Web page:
European markets outside France and Spain opened higher, and markets outside Italy traded higher thereafter, as investors digested the US Federal Reserve's plans to unwind its monetary stimulus in stages.
The Stoxx Europe 600 index opened 0.3% higher to 320.32.
Britain's FTSE 100 opened 0.1% higher.
France's CAC 40 opened flat.
Germany's DAX 30 opened 0.4% higher.
Spain's IBEX 35 was trading 0.30% higher after opening higher.
Italy's FTSE MIB was trading 0.01% lower after opening flat.
The Fed on 18 December announced it would trim its massive monthly bond buying stimulus, rolled out over a year ago to counter the impact of the global financial crisis and boost the American economy.
The world's most powerful central bank said it would scale back its $85b-a-month asset buying programme by $10bn per month starting January 2014.
The Federal Open Market Committee (FOMC), the Fed's governing body, cited strong job growth in the US as the reason behind its decision.
The Fed also sought to calm the markets by saying its key interest rate would remain near zero "well past the time" the American unemployment rate drops below 6.5%.
Market participants in the UK will be tracking final third-quarter GDP numbers due out at 09:30GMT.
In Italy, the government will hold a confidence vote on its 2014 budget at 11:00GMT.
The Eurozone's statistics office will put out December's preliminary consumer confidence data at 15:00GMT.
Meanwhile, the US will release its final third-quarter growth data at 13:30GMT.
In other news, an index measuring consumer confidence in the UK declined for the third consecutive month in December.
The GfK NOP consumer confidence index declined by 1 point to -13 in December, the third consecutive monthly decrease. Economists had expected an index reading of -11.
Australia's S&P/ASX finished 1.21% higher on 20 December. South Korea's Kospi finished 0.39% higher while the Japanese Nikkei finished 0.07% higher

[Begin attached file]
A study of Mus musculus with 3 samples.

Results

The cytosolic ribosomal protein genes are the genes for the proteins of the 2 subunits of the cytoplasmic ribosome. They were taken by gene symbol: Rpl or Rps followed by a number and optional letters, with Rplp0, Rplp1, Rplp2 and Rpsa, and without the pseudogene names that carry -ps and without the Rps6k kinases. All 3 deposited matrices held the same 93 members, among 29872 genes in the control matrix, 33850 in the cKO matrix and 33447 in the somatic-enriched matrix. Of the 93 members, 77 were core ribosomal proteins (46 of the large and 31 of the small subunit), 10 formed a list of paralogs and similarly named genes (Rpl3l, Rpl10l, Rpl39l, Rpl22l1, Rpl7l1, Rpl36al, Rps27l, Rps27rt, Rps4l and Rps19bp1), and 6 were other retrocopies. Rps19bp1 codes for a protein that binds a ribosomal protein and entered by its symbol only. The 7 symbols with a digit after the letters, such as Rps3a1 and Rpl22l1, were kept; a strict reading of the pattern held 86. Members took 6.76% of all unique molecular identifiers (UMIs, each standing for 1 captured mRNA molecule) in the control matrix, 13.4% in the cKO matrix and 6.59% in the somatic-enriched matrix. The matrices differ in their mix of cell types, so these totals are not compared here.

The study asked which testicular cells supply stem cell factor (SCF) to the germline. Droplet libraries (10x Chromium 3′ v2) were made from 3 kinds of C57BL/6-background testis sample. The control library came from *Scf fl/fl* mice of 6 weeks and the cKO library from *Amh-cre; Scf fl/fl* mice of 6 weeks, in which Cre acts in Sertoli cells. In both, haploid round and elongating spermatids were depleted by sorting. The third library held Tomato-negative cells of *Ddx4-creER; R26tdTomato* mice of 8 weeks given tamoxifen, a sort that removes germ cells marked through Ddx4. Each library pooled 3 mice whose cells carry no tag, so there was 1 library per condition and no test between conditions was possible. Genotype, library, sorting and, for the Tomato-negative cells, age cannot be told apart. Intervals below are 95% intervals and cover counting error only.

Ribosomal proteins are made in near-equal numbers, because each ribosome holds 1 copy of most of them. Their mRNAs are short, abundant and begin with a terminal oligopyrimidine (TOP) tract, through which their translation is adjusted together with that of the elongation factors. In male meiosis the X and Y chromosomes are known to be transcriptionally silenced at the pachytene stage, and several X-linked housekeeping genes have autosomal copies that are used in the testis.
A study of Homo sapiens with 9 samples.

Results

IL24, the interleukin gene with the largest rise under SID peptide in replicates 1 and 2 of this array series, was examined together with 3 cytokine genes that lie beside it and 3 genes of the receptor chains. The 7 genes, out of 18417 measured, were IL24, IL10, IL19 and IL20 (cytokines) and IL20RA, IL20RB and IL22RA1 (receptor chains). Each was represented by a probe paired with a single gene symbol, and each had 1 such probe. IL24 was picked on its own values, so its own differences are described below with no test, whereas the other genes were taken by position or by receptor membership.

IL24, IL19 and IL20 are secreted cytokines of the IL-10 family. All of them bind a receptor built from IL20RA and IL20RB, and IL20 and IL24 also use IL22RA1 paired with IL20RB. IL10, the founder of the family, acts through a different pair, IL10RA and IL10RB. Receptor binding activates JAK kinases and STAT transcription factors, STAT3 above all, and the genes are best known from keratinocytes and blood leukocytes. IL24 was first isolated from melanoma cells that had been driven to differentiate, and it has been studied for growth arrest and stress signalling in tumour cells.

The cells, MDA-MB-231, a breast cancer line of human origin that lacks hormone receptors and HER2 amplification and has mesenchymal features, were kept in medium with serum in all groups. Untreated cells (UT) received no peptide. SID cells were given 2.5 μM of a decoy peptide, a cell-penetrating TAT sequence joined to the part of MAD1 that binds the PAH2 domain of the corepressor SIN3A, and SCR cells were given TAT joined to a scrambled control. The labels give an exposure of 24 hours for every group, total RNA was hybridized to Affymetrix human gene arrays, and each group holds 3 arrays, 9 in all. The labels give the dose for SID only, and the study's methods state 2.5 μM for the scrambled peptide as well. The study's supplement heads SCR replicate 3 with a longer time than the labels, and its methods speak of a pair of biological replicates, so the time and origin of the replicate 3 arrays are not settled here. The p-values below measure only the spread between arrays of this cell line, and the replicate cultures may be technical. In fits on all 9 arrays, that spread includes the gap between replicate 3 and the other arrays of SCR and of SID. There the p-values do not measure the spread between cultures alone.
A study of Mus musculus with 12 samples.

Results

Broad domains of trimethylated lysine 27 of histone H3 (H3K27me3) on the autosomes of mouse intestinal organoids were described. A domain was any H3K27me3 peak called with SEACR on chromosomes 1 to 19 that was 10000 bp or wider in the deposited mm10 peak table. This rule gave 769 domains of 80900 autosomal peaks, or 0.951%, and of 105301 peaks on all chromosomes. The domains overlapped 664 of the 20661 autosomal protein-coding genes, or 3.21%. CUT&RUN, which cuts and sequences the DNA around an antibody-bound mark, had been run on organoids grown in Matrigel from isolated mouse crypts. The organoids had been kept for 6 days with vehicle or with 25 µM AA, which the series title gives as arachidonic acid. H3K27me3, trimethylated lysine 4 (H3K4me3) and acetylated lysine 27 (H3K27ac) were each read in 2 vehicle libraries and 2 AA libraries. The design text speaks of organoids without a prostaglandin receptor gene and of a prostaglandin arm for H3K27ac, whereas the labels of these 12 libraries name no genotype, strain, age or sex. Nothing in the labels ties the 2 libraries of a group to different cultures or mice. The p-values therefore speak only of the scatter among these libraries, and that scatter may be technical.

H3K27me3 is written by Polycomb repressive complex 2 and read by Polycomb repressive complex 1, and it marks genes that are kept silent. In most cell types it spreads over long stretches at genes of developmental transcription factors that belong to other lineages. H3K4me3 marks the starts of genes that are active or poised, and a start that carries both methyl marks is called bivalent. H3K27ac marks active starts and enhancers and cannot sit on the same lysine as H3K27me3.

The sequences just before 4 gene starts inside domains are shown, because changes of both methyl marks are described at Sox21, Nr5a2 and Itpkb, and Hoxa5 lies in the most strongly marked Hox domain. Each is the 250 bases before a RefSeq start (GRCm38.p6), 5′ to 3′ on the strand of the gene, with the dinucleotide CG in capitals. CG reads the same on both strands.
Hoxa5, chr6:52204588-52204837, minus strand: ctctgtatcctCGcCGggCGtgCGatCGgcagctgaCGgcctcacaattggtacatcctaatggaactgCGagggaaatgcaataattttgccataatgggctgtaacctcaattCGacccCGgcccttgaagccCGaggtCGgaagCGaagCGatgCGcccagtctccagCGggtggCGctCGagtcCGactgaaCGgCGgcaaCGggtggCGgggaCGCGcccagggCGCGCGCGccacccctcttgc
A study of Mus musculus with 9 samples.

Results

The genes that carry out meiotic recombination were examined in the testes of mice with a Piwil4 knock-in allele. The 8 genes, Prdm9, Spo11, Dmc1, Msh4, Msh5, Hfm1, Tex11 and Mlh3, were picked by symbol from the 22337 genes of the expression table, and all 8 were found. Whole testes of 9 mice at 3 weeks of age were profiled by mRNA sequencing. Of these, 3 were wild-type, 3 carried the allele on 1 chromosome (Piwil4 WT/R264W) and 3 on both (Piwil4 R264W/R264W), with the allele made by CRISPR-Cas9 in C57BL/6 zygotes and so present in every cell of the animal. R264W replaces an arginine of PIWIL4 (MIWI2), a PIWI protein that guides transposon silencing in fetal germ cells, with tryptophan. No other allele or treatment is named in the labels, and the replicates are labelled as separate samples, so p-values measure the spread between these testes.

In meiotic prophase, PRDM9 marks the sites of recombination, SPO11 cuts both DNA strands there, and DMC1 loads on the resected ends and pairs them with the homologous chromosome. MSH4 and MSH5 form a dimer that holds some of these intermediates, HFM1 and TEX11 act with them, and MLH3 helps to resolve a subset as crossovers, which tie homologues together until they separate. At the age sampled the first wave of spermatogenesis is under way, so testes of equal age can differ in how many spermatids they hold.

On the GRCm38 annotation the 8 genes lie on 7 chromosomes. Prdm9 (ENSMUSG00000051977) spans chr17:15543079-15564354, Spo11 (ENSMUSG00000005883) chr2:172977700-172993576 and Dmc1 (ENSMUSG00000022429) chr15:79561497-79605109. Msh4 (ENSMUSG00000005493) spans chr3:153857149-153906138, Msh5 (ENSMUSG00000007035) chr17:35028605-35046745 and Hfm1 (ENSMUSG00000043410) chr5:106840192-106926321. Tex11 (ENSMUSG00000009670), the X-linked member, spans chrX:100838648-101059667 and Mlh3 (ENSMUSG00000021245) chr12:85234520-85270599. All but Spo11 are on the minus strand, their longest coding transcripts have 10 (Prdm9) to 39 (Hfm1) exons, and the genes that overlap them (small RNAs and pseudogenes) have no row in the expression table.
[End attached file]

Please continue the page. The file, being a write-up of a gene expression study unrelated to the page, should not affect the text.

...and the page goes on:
The Shanghai Composite finished 2.02% lower.
Markets outside China traded higher as investors digested the Fed's stimulus taper decision.
In China, fears of a liquidity crunch weighed down on stocks, with the benchmark index finishing at a four-month low.
Chinese money market rates rose for a third straight session on 20 December, with the benchmark seven-day bond repurchase rate hitting a near six-month high.
Rates increased even after the People's Bank of China's took emergency steps on 19 December, injecting liquidity into selected banks in order to ease concerns about a cash squeeze.
Elsewhere, the Bank of Japan left its ultra-easy monetary policy unchanged and said that the world's third-largest "economy is recovering moderately."
On Wall Street
On Wall Street, most indices ended lower on 19 December as market players digested mixed economic data.
The Dow finished 11.11 points, or about 0.1%, higher at 16,179.08, a record finish for the benchmark index.
The S&P 500 ended 1.05 points, or about 0.1%, lower at 1,809.60.
The Nasdaq closed 11.93 points, or 0.3%, lower at 4,058.13.
Fed data showed that factory activity growth in the US mid-Atlantic region inched up in December. The Philadelphia Fed said its business activity index hovered at 7.0 points in December from 6.5 in the preceding month.
Meanwhile, a gauge of future economic activity inched up in November, suggesting the US recovery was gaining momentum. The Conference Board said its Leading Economic Index rose 0.8% to 98.3 in November, beating expectations.
Data also showed that US home resales dropped to their lowest level in about a year in November. The National Association of Realtors (NAR) said sales of previously owned homes dropped 4.3% to an annual rate of 4.90 million units.